The EPA is warning the state Department of Environmental Conservation that they need to do a lot more homework before they finalize the rules for natural gas drilling in the city’s upstate watershed.
The feds submitted comments Wednesday (pdf) on the state’s draft plan for regulating hydraulic fracturing, or “fracking,” in the Marcellus Shale. The state DEC draft report found that fracking, which involves injecting water and chemicals under high pressure to break up shale and release natural gas, is not a threat to New York’s water supply.
The EPA, like the NYC DEC and the Bloomberg administration, disagrees. They’re asking the state DEC to do further study on possible effects fracking could have on the water supply and air quality, and how wastewater and possible radioactive contamination would be addressed. They also warn that contamination of the city’s watershed would mean building filtration plants, which would cost $10 billion in capital costs and $100 million in annual operating costs, and “[c]learly, it is in all our interests to avoid this scenario.”
The feds recommend that, given the unknowns, the state Health Department, which oversees water quality, and the Public Service Commission, which oversees natural gas pipelines, should be allowed to co-write the final regulations with the state DEC.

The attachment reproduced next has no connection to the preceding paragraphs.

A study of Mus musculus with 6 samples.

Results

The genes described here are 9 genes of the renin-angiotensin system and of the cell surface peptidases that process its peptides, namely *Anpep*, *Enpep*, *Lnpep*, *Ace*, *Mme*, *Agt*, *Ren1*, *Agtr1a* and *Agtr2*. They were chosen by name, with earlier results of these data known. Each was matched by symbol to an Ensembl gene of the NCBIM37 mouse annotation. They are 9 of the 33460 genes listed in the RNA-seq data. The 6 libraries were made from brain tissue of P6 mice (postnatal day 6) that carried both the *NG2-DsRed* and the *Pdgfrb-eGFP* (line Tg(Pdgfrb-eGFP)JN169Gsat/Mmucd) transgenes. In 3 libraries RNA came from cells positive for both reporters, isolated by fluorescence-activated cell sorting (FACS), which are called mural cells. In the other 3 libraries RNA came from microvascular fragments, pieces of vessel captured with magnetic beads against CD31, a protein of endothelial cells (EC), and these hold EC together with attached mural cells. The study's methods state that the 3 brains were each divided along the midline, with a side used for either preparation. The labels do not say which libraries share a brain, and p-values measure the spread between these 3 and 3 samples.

The state DEC has given the matter careful thought
In a statement, Yancey Roy, a spokesman for the State Department of Environmental Conservation, said it “appreciated” the federal agency’s comments but had no detailed response. “At this time we are still taking input from the public and it would not be appropriate to respond to specific comments,” he said.
which shows a certain evolution from their response to the city DEC report opposing their guidelines
“We appreciate the input from NYCDEP,” said DEC spokesman Yancey Roy. “At this time we are still taking input from the public, and it would not be appropriate to respond to specific comments.”
The Independent Oil & Gas Association of New York also commented on the draft plan. They think it’s too restrictive.
I’m guessing Mr. Roy appreciates that input too.